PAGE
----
NEW: A judge sentenced 5 to life imprisonment, 2 to 50-year sentences and one to community service
People were watching 2010 World Cup soccer finals on TV when bombs hit rugby club, restaurant
The Uganda High Court on Friday sentenced eight people convicted of participating in the 2010 Al-Shabaab bombings that killed 76 people in the capital of Kampala.
Justice Alphonse Owinyi-Dollo gave life sentences to Ahamed Luyima, Hussein Hassan Agad (alias Hussein Agade), Idris Magondu (alias Christopher Magondu), Habib Suleiman Njoroge and Muhammed Ali Muhamed.
Hassan Luyima, a Ugandan, and Suleiman Hajjir Nyamandondo a Kenyan, were given 50-year sentences.
They were all convicted on charges of terrorism, murder and attempted murder.
Earlier Friday, the judge ordered Muzafaru Luyima, 45, a Ugandan, to serve one year of community service. He was an accessory after the double attacks. He was found guilty of having knowledge of people (his brothers) planning and actually masterminding the two bombings.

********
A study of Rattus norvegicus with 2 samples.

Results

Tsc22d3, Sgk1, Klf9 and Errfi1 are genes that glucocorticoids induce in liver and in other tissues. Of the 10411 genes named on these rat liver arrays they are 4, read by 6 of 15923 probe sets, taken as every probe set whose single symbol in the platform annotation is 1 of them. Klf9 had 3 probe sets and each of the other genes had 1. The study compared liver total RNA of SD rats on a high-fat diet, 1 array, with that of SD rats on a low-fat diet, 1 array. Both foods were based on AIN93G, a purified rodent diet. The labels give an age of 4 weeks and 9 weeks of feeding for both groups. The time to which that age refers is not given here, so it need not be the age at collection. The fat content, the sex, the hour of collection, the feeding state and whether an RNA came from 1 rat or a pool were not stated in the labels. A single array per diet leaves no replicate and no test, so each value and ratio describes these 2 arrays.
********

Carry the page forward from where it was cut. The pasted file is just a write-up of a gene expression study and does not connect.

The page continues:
Muzafaru Luyima said at the hearing his brother Hassan Luyima made a phone call that was supposed to detonate what would have been the third bombing.
He said Idris Nsubuga detonated the bomb at Kyadondo rugby club. Nsubuga already had been sentenced to 25 years in prison.
Coordinated bombs went off minutes apart July 11, 2010, at a rugby club and an Ethiopian restaurant, where people were watching the World Cup final between Spain and the Netherlands on television. Hundreds of others were also injured.
Al-Shabaab, a Sunni Islamist militia based in Somalia with ties to al Qaeda, claimed responsibility for the attacks as retaliation for Uganda’s support for troops under the African Union Mission in Somalia. The group has been waging an insurgency in Somalia for about 10 years with the aim of turning the country into a fundamentalist Islamic state.
Most of the dead in the Kampala bombings were Ugandans. Other fatalities included an Indian, an Irishman, a Kenyan, a U.S. citizen and Eritreans and Ethiopians.
Five people were acquitted in the trial. They were put into custody to protect them from attacks by the public, police spokesman Fred Enanga said.
Journalist Samson Ntale reported from Kampala. CNN’s Ralph Ellis in Atlanta contributed to this report.